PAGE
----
Painted pumpkin orange and sold as the Co-op E3 in the United States
IN THE SHOP with Rachel
By Rachel Gingell
The Cockshutt 30 was the first modern tractor designed and built in Canada. These tractors were so popular they’ve even been featured on a Canadian postage stamp! The tractor’s reputation as a reliable powerhouse is well deserved.
Cockshutt eagerly planned the model 30 tractor, but its plans were interrupted by the Second World War. Its factories switched over to wartime production, but the dream of a new tractor stayed alive. Cockshutt received special permission from the Wartime Production Board to continue working on the tractor’s development during the war. When the war was over, it was ready to swoop in and get going! Production began in 1946 and by 1947 Cockshutt was off and running with a full production year.
These tractors are iconic, with a beautifully styled hood and a snappy paint job. They’re more than just a pretty exterior, though! These tractors are rugged and have survived the test of time.
Left to right: Cockshutt 30 and Co-op E3
In addition to being the first Canadian production tractor, the Cockshutt 30 has another claim to fame: it was the first production tractor in the world with a live PTO system.
The live PTO was a huge innovation - too big to keep to themselves! Since Cockshutt didn’t have a dealer network south of the border, it worked with other companies to market its tractors in the United States. Tractors that were produced for sale in the U.S were painted pumpkin orange and sold as the Co-op E3. Other than the paint job, these tractors were exactly the same.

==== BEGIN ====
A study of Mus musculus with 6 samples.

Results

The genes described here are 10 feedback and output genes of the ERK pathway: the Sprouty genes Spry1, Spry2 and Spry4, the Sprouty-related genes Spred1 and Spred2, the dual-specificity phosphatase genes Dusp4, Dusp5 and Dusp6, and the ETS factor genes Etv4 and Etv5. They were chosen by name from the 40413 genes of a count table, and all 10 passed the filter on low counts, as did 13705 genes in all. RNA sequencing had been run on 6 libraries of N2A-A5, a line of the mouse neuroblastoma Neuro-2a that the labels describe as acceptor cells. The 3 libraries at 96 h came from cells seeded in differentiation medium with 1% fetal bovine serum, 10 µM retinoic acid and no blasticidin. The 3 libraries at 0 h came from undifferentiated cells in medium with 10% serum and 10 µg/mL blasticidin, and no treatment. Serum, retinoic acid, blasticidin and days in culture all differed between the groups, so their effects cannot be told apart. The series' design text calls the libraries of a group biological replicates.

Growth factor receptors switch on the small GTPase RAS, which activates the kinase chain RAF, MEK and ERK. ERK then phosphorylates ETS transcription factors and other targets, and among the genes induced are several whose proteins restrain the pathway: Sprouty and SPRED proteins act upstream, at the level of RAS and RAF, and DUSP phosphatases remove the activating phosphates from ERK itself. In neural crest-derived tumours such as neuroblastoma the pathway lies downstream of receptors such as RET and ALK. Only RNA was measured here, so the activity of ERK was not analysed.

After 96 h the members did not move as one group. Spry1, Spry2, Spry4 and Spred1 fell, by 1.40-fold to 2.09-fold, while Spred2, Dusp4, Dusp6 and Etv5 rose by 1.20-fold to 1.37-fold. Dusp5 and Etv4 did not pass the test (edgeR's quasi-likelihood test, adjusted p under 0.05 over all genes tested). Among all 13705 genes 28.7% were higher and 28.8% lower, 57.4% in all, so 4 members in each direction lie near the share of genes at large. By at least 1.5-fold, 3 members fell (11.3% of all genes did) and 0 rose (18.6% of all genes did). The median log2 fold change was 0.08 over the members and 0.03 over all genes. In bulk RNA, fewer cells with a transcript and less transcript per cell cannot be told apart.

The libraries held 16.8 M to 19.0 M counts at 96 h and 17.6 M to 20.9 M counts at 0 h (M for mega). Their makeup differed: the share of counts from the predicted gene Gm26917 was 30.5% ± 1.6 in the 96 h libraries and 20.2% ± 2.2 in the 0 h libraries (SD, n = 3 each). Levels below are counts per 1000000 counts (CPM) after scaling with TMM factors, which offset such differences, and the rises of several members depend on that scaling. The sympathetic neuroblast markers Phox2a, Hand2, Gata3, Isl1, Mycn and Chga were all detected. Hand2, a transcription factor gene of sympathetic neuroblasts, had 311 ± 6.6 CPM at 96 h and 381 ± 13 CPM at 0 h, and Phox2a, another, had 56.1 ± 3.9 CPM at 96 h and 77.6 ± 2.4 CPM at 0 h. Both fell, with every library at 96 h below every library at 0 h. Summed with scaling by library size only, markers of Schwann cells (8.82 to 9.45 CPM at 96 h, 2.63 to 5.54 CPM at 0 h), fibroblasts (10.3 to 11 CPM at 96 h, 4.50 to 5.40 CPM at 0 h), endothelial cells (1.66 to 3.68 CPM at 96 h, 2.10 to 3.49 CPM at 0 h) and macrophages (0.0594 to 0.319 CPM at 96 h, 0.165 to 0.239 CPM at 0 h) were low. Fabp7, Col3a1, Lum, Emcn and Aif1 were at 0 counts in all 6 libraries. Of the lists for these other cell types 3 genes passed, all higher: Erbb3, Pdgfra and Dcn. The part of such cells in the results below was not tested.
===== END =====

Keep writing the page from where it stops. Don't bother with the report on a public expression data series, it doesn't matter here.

The only drawback is the parts situation for these tractors. Despite the Cockshutt 30’s widespread popularity in Canada and the Plains states, aftermarket parts distributors don’t offer a complete line of replacement parts. Rings and gaskets are easy enough to come by, but the parts that you’ll need for a heavy-duty restoration (sleeves and pistons) will have to come from a salvage yard.
The Cockshutt 30 enjoyed a long production run, spanning from 1946 to 1957. These days, the Cockshutt 30 is still a good choice for farmers looking for a rugged, basic 30 horsepower tractor. The live PTO makes it especially useful.